The separation between the editorial and sales departments of newspapers is so firm that I often forget when I introduce myself over the phone as “Hanna Raskin from The Post and Courier” that the person on the other end has no clue why I’m calling. The staffer who last week answered the phone at Hollings Café, for instance, clearly figured I was looking to sell an ad.
“Maybe they want to do an article on how great we are,” I heard her say teasingly as she handed over the phone to owner Jose Perey.
Exactly right. The three-year old MUSC canteen is doing an excellent job with salads and sandwiches, although it’s largely unknown beyond the hospital. I was tipped off to Hollings Café’s substantial egg salad, thickened with mustard and tinged with garlic, by a friend who’s lately had the misfortune of having to make multiple visits to the Hollings Cancer Center. The sandwich is the only guaranteed good outcome of an appointment.
Perey is highly aware of the service his little café provides to people at difficult junctures.
“Where we are, folks are so vulnerable. They need as much kindness as they can get,” he says, his voice breaking. “I kind of choke up when I talk about it.”
Prior to opening in the hospital, Perey and his wife, Wendy, had a string of restaurants across the county.
Wendy Perey’s mother in the 1980s owned Emperor’s Choice in North Charleston: “She had a food show in Singapore,” says Jose Perey, who became a customer after being transferred to a bank in the neighborhood. The Pereys married in 1985, and went on to open Taste of China on Isle of Palms; Chinatown in Monck’s Corner; Charlie Steakery franchises; Majestic Grille and Wholly Cow ice cream shops.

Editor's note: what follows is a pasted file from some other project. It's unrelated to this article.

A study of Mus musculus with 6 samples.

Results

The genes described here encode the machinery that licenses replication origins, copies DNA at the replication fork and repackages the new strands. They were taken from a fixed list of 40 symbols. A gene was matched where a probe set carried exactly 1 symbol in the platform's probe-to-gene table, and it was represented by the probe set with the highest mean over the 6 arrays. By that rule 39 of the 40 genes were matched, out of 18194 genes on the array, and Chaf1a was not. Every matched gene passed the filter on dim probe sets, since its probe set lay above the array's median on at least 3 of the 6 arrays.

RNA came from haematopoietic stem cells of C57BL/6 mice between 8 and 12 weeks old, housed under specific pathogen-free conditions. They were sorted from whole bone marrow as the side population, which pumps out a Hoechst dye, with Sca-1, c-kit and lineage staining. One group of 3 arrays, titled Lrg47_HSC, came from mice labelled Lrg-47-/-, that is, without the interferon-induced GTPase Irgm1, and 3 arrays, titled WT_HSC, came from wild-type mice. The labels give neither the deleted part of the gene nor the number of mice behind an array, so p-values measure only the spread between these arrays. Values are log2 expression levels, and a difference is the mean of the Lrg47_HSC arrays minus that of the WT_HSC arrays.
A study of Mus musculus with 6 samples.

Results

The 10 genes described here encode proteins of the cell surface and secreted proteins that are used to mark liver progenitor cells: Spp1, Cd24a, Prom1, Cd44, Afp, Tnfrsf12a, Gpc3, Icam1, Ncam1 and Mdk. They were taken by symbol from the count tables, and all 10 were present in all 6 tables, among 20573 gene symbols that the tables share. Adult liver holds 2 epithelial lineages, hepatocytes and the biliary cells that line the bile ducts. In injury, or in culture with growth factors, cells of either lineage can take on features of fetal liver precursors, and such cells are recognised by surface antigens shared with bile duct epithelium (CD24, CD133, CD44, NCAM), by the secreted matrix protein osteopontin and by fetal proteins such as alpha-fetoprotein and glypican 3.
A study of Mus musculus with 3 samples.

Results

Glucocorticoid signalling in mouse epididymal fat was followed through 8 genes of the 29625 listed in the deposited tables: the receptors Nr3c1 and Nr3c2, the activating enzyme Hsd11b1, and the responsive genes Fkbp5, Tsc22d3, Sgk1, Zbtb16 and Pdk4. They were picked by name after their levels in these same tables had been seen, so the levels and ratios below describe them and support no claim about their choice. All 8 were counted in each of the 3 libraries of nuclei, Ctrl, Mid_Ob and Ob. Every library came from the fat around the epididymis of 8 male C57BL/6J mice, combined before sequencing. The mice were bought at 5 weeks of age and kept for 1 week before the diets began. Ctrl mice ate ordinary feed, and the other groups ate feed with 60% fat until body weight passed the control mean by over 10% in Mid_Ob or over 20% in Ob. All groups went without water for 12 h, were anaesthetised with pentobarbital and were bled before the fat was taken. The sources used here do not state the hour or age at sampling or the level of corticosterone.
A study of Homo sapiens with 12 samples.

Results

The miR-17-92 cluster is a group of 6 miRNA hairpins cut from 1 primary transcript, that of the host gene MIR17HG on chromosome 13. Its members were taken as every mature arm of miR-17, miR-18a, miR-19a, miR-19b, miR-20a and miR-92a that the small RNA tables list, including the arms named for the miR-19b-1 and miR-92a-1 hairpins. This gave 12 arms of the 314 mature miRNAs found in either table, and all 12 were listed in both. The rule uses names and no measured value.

The menu at Hollings Café bears traces of the couple’s previous endeavors: They serve dessert coffee drinks and ice cream treats, as well as chicken wraps, BLTs, ham sandwiches, Cobb salads, soups and other midday staples.
“Everything is made to order,” Perey says.
Perey delivers lunches to different departments on campus, which he says has helped popularize the café’s chicken salad, spiced with curry.
“It kind of spreads the word,” he says. “When something’s good, people eventually hear about it.”
Hollings Café is located near the elevators on the first floor of the Hollings Cancer Center, 86 Jonathan Lucas Blvd. It’s open weekdays from 7 a.m.-4 p.m. For more information, call 792-1414 or visit http://www.muschealth.com/cancer/patient_resources/hollingscafemain.htm.